Thursday, 2 October 2014

Lynsey de Paul

I was saddened to wake up to the news that Lynsey de Paul has died. Lysey will always have a special place in my 12 year old heart and I listened to the 2xCD collection of all her music between 1972-74 on the way to work and returning home this evening. Some great and truly under-rated pop songs. I've blogged before about Lynsey and will probably do so again when the mood strikes.

Whenever I hear her first hit single, 'Sugar Me', I whiz back in time to the summer of 1972 when my family was on holiday in Scarborough or Bridlington (I can't remember which) and 'Sugar Me' was played endlessly on the radio, along with Alice's 'Schools Out' and Bowie's 'Starman'. Yes, that's the company she was in. I remember not wanting to go out and play because I wanted to listen to pop music on my tiny transistor radio. I loved 'Sugar Me' then and I still do - it's elegant simplicity is a slice of perfect pop.

She was the only solo British girl pop star that wrote her own songs back then and, from that first appearance on 'Top of the Pops', she was definitely a pop star. What I didn't realise, of course, was that I'd already heard her songs, such as 'Storm In A Teacup' by The Fortunes, 'Crossword Puzzle' for Dana and the songs she wrote with Barry Blue. A year or so later she wrote 'Central Park Arrest' which was recorded by Thunder Thighs aka the backing vocalists for Lou Reed and Mott The Hoople. I loved that song with its police sirens  but I've never managed to find it anywhere (I have Lynsey's version of the song, obviously).

Lynsey followed up 'Sugar Me' with 'Getting A Drag' about Glam Rock and how men wearing make-up was causing lots of confusion ('I kissed a mister just as pretty as a sister'). Her next big hit was 'Won't Somebody Dance With Me', a slow song about being a wallflower until her prince arrived that she won her first Ivor Novello Award for (the first women to do so). I wasn't too keen on that song but I loved her first album and I still have it on vinyl. 'Surprise' really is a surprise, introducing us to Lynsey's range of songs, from the pop of 'Sugar Me' to swampy 'Mama Do' to the introspective 'Ivory Tower' to the plain odd 'Just Visiting'. That record proves there was a lot more to Ms de Paul than a 3 minute pop song and still stands the test of time.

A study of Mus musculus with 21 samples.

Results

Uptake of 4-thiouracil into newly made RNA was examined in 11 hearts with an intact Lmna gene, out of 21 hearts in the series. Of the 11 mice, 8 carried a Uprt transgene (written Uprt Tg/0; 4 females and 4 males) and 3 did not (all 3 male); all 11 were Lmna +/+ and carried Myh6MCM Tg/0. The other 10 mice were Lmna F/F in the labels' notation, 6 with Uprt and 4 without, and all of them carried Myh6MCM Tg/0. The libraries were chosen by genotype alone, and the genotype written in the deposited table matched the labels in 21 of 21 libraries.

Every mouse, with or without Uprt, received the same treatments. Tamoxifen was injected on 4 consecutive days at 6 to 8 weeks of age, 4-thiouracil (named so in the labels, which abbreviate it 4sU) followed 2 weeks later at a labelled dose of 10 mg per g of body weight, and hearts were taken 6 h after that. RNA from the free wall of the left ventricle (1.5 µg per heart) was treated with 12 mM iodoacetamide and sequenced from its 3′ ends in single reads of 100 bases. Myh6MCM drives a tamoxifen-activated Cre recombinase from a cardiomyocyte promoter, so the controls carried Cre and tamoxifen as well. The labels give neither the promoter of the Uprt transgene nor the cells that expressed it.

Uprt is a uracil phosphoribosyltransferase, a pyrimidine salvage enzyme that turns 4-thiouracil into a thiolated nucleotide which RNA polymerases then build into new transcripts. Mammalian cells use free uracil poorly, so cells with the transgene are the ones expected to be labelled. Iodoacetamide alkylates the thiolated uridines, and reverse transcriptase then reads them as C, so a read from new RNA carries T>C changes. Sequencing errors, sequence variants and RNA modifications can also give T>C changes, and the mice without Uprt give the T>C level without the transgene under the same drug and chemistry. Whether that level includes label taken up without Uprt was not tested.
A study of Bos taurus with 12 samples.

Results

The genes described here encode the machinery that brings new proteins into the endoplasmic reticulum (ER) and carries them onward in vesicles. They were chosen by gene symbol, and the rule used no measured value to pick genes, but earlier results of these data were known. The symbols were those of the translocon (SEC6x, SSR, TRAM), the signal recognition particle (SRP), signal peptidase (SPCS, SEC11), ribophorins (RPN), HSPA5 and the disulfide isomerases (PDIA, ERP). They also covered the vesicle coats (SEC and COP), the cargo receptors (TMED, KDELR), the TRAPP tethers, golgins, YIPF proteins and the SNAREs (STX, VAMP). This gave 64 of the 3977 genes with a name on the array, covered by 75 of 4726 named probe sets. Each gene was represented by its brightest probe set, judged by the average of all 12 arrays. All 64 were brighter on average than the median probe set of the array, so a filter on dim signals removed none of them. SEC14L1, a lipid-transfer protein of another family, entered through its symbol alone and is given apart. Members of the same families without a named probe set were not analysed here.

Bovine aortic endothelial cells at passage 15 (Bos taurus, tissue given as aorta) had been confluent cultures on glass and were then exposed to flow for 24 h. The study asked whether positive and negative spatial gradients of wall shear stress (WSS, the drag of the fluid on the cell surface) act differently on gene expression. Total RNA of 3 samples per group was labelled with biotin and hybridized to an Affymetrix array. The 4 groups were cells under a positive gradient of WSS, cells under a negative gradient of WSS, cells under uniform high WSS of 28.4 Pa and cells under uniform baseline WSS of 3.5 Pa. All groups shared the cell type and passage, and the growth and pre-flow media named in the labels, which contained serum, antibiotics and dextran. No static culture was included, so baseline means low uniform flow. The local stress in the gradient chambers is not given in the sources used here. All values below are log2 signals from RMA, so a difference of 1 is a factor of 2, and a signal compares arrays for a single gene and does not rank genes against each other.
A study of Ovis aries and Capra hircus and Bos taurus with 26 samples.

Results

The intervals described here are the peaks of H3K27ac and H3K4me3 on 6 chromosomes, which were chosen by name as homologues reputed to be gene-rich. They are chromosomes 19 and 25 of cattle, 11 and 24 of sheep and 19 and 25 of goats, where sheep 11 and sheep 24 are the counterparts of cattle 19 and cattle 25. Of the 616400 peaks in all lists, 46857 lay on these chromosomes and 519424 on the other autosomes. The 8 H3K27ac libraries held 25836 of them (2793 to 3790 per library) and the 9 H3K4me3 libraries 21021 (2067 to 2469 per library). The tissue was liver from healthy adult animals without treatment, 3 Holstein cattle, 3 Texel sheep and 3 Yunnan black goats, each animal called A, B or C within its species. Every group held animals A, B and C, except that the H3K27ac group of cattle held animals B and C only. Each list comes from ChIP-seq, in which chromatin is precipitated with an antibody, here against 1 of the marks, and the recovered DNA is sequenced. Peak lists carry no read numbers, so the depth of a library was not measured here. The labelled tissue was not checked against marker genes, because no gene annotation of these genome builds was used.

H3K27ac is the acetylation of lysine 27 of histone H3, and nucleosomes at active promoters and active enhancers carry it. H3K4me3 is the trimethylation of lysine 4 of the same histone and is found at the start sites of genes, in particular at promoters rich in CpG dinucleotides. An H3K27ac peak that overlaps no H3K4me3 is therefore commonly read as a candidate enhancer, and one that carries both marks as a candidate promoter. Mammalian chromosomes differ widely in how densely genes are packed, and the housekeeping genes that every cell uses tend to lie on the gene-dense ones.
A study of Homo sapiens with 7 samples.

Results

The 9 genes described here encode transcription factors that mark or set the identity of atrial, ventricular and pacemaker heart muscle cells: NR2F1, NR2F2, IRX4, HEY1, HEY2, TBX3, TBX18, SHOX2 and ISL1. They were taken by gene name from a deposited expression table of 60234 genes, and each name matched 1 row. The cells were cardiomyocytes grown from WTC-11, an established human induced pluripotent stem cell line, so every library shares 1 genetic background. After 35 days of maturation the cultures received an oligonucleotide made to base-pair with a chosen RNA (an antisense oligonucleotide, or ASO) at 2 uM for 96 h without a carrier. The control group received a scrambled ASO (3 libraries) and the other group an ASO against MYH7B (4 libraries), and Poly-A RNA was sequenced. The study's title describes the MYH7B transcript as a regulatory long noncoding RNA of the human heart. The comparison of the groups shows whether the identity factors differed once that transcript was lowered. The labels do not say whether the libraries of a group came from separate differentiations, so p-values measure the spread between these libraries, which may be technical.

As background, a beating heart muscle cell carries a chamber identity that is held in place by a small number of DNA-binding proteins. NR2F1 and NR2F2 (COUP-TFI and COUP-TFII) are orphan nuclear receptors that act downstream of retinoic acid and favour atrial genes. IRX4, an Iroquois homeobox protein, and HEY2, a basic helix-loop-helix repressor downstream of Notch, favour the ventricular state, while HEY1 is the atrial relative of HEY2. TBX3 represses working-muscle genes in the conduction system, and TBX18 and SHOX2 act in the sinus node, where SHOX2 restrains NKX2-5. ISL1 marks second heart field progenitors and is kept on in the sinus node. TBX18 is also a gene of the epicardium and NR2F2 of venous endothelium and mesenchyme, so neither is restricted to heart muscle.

Imagine my joy when I heard that Lynsey was going to co-host the Marc Bolan celebration at Shepherd's Bush in 2012 along with Sir Noddy Holder. Lynsey on stage? O yes! She didn't sing, sadly, but she joked with Noddy and looked splendid in a little sparkly cocktail dress. Noddy cheekily talked about chasing Lynsey round the 'Top of the Pops' studio back in the day. Bet he didn't really but Lynsey played along. Here's a photo I took of Lynsey with Sir Nod and Danielz from T.Rextacy who provided the music on the night.

Lynsey obviously did more than I'm telling you but this is my blog and my memories and, if you want a fuller picture of Lynsey, then start off with the BBC article. You'll find out lots about Lynsey with a judicious search. But this bloggie is about me and Lynsey.

I was delighted to hear of two new double CDs issued last year that collect all Lynsey's recorded works between 1972 and 1979 and I bought them straight away. My favourite is, obviously, 'Sugar And Beyond - Anthology 1972-1974' which covers the peak years of my listening to Lynsey. This is what I've been listening to today. It includes the singles, the 'B' sides (remember them?) and the first two albums, 33 songs in all. The second double CD covers 1975-79 and has another 29 songs including her Eurovision song with Mike Moran, 'Rock Bottom'.

Farewell Lynsey, you were and are well loved. I hope that's some comfort to your family. I've been listening to you for 42 years now and that will continue, at least in this small part of the internet.

1 comment:

Anonymous said...

Couldn't have put it any better. Sad loss of a great person who was often criminally underrated.